There is a leniency and stringency each way depending on the context:
Shulchan Aruch mentions the muktza status of bones separated from their meat twice: in Seif 27 and Seif 29. In Seif 27, Shulchan Aruch states that although the bones are no longer fit for human consumption they are not considered muktza as they can still be given to dogs. Seif 29 rules that animal food is only not considered muktzah if the animal that would eat it is common to that area. Based on this, the Rama there justifies the ruling in Seif 27 that meatless bones are not muktza, as dogs are commonly found animals.
In Seif 27, the reason we might have considered such bones muktza is because they are similar to nolad; we now have animal food that was "made" on Shabbos when the meat was separated and they became no longer fit for humans. Since Shulchan Aruch rules that they are not considered muktza, it is a kal ve'chomer that if they were separated before Shabbos they are not muktza as there is certainly no question of nolad.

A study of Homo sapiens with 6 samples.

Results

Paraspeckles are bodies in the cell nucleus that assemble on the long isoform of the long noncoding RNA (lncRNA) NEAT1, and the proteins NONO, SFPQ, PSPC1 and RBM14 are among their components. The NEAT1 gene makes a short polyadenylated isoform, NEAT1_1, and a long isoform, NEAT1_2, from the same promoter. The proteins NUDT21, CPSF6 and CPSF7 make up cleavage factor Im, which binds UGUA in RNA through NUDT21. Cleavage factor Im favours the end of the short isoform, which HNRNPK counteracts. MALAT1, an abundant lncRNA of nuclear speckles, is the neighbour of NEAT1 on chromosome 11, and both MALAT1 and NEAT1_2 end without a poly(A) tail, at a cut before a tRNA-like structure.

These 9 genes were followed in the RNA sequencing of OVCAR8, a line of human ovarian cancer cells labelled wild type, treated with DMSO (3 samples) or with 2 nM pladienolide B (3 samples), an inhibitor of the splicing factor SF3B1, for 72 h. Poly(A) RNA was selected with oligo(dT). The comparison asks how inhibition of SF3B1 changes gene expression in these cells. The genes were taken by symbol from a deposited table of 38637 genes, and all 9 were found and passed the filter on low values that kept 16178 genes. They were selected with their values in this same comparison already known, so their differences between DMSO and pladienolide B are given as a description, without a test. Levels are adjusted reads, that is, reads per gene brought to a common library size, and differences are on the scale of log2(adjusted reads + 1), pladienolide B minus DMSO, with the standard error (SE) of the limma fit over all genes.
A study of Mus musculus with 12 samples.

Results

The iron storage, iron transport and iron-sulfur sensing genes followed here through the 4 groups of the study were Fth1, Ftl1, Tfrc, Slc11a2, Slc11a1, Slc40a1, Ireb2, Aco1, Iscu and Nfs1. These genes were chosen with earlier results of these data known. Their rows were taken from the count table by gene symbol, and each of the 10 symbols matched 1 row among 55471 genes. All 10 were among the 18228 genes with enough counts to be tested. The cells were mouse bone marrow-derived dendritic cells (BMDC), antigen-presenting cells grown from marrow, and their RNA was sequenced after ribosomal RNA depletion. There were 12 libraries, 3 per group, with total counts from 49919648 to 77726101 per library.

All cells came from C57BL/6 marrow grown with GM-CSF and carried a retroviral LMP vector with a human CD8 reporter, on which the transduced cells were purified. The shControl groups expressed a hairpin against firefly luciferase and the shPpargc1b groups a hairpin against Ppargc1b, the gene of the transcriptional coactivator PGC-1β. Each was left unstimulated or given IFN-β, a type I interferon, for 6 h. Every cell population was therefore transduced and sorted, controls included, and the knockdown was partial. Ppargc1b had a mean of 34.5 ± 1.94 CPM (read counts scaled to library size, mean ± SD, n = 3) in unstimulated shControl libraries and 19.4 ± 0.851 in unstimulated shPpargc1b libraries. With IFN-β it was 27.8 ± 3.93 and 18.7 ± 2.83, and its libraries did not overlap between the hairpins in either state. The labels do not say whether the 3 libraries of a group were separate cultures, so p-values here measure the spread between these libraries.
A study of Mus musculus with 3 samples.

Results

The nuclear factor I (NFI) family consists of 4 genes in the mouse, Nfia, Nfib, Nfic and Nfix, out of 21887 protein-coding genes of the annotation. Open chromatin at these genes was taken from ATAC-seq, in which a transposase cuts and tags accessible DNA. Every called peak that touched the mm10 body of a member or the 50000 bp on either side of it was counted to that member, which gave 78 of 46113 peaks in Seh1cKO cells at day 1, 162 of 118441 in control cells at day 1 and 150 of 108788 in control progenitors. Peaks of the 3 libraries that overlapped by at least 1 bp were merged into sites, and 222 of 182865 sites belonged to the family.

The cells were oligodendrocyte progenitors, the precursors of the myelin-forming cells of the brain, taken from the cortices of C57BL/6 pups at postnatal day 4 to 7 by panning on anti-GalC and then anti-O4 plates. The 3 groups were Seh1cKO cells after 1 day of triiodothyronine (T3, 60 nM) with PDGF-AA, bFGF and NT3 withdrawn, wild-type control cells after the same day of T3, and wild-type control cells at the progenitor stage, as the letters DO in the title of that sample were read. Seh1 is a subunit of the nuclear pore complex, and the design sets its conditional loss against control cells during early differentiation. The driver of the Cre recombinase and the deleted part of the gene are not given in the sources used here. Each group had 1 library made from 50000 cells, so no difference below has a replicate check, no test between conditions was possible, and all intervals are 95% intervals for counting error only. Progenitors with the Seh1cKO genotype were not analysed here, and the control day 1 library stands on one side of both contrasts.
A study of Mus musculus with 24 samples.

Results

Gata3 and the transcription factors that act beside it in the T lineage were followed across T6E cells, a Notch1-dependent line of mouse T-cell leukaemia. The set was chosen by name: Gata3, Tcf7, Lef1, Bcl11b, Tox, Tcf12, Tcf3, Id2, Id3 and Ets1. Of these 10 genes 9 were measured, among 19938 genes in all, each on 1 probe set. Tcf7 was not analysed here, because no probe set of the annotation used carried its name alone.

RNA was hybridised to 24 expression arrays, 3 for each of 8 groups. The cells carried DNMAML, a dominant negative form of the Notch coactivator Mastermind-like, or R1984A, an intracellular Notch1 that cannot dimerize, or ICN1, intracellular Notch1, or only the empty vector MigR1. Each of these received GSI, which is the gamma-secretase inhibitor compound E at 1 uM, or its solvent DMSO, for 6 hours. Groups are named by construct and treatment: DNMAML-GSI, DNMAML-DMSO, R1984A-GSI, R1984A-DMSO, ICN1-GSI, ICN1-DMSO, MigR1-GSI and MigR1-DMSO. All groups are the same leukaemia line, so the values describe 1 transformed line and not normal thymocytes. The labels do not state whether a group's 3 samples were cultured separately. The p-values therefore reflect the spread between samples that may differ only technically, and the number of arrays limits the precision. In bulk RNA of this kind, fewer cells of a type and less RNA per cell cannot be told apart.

Seif 29 defines the parameters where animal food is considered muktza or not. According to the Ran (the way the Rama understands him in Darkey Moshe; see Biur Halacha 29), even if animals are commonly found in the area, one who is not a pet owner cannot move animal food on Shabbos, since for him it was not prepared before Shabbos. However, the Rama rules like those who argue with the Ran, and hold that as long as there are animals commonly found even a non pet owner may move animal food. The Ran himself though would agree that if such animal food only became suitable for animals on Shabbos, but on Erev Shabbos was fit for humans, then even a non animal owner may move it as it was prepared for him before Shabbos. Thus in this case the novelty is the other way round; if the Rama rules against the Ran that even if the bones were separated from the meat on Erev Shabbos they are not muktza, certainly this would be the case if they were separated on Shabbos where even the Ran would agree.